Family Place Library Initiative

Solution Story from The Broomfield Library

Adult smiling at two children listening to stories.

The Family Place Library Initiative was originally launched in 1996 by Libraries for the Future and Middle Country Public Library in New York. The program was developed to transform libraries into community centers for literacy, early childhood development, and family support. At Family Place Libraries, librarians connect with families and then connect them with books and resources related to parenting and child development. Common themes of the resources include promotion of early literacy, knowledge of child health, speech & language development, and more. Family Place Libraries are designed so that parents always have a safe space to go for information and support, without fear of judgment.

In 2012, Broomfield Library applied for a grant from the Institute of Museum and Library Services to become an official Family Place Library. At the time, there were many Family Place Libraries on the east and west coasts, but not many in the western part of the United States. Broomfield Library was awarded the grant, and from 2012 to 2015 worked on fulfilling the grant obligations to establish the program.

The majority of grant funds went to pay for the membership fee and training for two staff members. However, the grant funds did not cover all of the costs, and Broomfield Library matched funds for supplies and eventually applied for an additional grant in order to pay for a third staff training.

After becoming a Family Place Library. Broomfield Library now has an educational play area, which is highly accessible and open daily. The play area is designed so that parents and caregivers from all walks of life have the opportunity to meet and interact with each other in a comfortable setting, and offer support to one another. Experienced parents often model positive parenting skills to new parents.

Children have the opportunity to learn and grow their own social skills from watching the adults interact. In addition, Broomfield Library offers a parenting program five times per year that lasts for six weeks long. Parents and children attend the program to play with and spend time with other families, and community resource professionals come into the library to work with parents one-on-one. The community resource professionals work in a variety of early childhood development specialties, including early literacy, speech and language, nutrition, child therapy, and play & movement. Parents have the opportunity to ask these professionals questions to inform their parenting while simultaneously bonding with other parents.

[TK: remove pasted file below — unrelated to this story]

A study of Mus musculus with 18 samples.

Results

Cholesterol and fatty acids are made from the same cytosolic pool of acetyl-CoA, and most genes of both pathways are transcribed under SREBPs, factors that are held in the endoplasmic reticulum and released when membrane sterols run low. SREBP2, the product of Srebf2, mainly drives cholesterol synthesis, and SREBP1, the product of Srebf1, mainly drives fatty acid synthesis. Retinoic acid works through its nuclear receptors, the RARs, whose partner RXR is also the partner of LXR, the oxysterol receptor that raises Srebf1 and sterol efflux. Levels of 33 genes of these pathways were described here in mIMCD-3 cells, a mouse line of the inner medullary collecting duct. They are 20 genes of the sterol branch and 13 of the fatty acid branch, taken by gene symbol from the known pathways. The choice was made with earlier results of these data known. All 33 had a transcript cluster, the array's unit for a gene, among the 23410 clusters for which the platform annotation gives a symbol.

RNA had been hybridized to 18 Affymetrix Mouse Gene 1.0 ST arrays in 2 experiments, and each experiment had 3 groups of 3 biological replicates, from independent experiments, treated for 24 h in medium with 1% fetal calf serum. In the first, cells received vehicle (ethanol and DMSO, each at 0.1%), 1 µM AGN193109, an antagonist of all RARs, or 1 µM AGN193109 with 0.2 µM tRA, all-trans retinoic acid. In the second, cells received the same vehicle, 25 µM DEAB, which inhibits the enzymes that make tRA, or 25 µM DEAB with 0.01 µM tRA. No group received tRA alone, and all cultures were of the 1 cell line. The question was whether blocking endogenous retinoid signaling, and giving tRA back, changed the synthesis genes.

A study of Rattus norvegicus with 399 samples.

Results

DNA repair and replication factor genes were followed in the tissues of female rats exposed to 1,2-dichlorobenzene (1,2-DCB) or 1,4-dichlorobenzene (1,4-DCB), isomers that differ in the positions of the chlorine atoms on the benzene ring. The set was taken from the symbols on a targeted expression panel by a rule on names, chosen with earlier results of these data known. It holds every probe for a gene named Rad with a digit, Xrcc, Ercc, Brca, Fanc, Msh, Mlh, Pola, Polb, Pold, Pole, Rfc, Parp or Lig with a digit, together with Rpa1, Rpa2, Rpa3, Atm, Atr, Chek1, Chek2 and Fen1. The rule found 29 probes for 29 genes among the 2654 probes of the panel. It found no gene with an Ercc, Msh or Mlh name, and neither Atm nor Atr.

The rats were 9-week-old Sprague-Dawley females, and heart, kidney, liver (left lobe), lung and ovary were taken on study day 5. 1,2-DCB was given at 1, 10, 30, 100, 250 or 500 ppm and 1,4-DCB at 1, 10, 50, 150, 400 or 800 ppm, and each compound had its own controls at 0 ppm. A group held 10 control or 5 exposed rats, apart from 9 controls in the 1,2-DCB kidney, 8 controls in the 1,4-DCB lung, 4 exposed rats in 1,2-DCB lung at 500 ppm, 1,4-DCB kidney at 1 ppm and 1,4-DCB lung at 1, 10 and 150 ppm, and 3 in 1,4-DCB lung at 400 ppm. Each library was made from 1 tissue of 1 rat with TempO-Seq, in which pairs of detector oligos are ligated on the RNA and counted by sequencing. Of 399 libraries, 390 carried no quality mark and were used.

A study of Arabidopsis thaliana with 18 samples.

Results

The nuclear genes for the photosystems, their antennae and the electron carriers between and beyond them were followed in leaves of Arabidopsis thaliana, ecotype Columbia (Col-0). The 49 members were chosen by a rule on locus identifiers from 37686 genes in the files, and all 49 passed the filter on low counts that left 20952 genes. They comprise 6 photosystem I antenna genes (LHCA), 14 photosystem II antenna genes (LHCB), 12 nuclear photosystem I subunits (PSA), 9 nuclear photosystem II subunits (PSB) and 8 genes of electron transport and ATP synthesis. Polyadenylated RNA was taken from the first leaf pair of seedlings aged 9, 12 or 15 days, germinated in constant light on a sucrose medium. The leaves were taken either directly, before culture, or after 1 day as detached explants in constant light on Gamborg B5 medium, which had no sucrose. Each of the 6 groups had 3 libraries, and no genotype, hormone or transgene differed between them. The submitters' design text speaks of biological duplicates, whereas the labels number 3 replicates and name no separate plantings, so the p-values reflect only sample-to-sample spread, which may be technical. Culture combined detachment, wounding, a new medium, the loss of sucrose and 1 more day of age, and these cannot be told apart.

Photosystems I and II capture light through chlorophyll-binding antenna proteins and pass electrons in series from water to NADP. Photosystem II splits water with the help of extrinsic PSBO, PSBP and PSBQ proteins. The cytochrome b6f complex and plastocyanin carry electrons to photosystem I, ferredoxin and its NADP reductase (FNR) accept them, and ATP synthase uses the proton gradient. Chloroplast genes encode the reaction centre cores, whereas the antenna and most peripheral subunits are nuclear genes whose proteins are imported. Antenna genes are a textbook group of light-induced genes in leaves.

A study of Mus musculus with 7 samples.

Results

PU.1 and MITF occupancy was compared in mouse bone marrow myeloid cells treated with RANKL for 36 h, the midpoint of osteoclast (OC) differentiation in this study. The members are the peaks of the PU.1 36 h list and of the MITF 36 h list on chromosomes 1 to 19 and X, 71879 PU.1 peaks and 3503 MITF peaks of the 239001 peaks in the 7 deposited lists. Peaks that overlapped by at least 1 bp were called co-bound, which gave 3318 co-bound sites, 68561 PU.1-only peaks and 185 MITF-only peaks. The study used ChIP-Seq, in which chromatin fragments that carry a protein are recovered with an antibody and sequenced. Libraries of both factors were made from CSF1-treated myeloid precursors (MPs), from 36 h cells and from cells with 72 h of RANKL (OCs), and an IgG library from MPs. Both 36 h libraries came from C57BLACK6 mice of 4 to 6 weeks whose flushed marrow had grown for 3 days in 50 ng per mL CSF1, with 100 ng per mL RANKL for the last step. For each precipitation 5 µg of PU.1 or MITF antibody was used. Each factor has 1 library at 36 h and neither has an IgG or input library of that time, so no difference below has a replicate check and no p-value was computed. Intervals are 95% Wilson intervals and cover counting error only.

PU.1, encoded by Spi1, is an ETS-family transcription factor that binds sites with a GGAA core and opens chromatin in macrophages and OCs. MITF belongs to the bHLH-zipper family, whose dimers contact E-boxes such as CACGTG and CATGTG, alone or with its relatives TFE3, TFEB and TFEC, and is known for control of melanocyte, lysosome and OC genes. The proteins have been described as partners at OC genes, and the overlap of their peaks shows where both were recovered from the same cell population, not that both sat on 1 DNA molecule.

Over the course of the program implementation, Broomfield Library staff learned how to engage with parents in positive ways in order to earn their trust at a new level. They needed to approach parents in a different way for this program, as they had to convey that the library was a safe, nonjudgmental space where they could have access to resources and maintain confidentiality. This was a process of trial and error at times, but very important in garnering participation and engagement from a variety of families.

Broomfield Library staff maintain that listening to parents is the most important part of implementation of a program such as the Family Place Library Initiative. The safe space that the library creates for parents in a Family Place Library is essential to the effectiveness of the program, and must be continually maintained. Also crucial to the success of the program was support and buy-in from the local government. Though Broomfield Library had to gain official approval to launch the initiative, the local government and community had already embraced the importance of early literacy and social-emotional development, and as such it was not difficult to advocate for the program. Lastly, the ongoing reporting and training that Broomfield Library has conducted has been very important in maintaining the ongoing success of the program.

After becoming a Family Place Library, Broomfield Library consistently has at least one family playing in their educational play area. The library has become a true community meeting place; many community members regularly meet friends and family at the library. They have gained trust from the community and their reputation has grown immensely. People are connecting with each other and utilizing the library resources to expand knowledge, find support, provide education and play for children, and connect with other parents.

Advice on Replication

Since Broomfield Library is replicating a national model, a true replication of the program would mean becoming a Family Place Library. They recommend doing so, if possible, as they have found it has been well worth the investment for their community. It is possible to offer similar services without becoming a Family Place Library, but with the model there is access to continued support, research, and proven techniques. Additionally, they have found that it is easier to gain support locally and from funders if an organization is following a research-backed model that is in line with the Protective Factors Framework.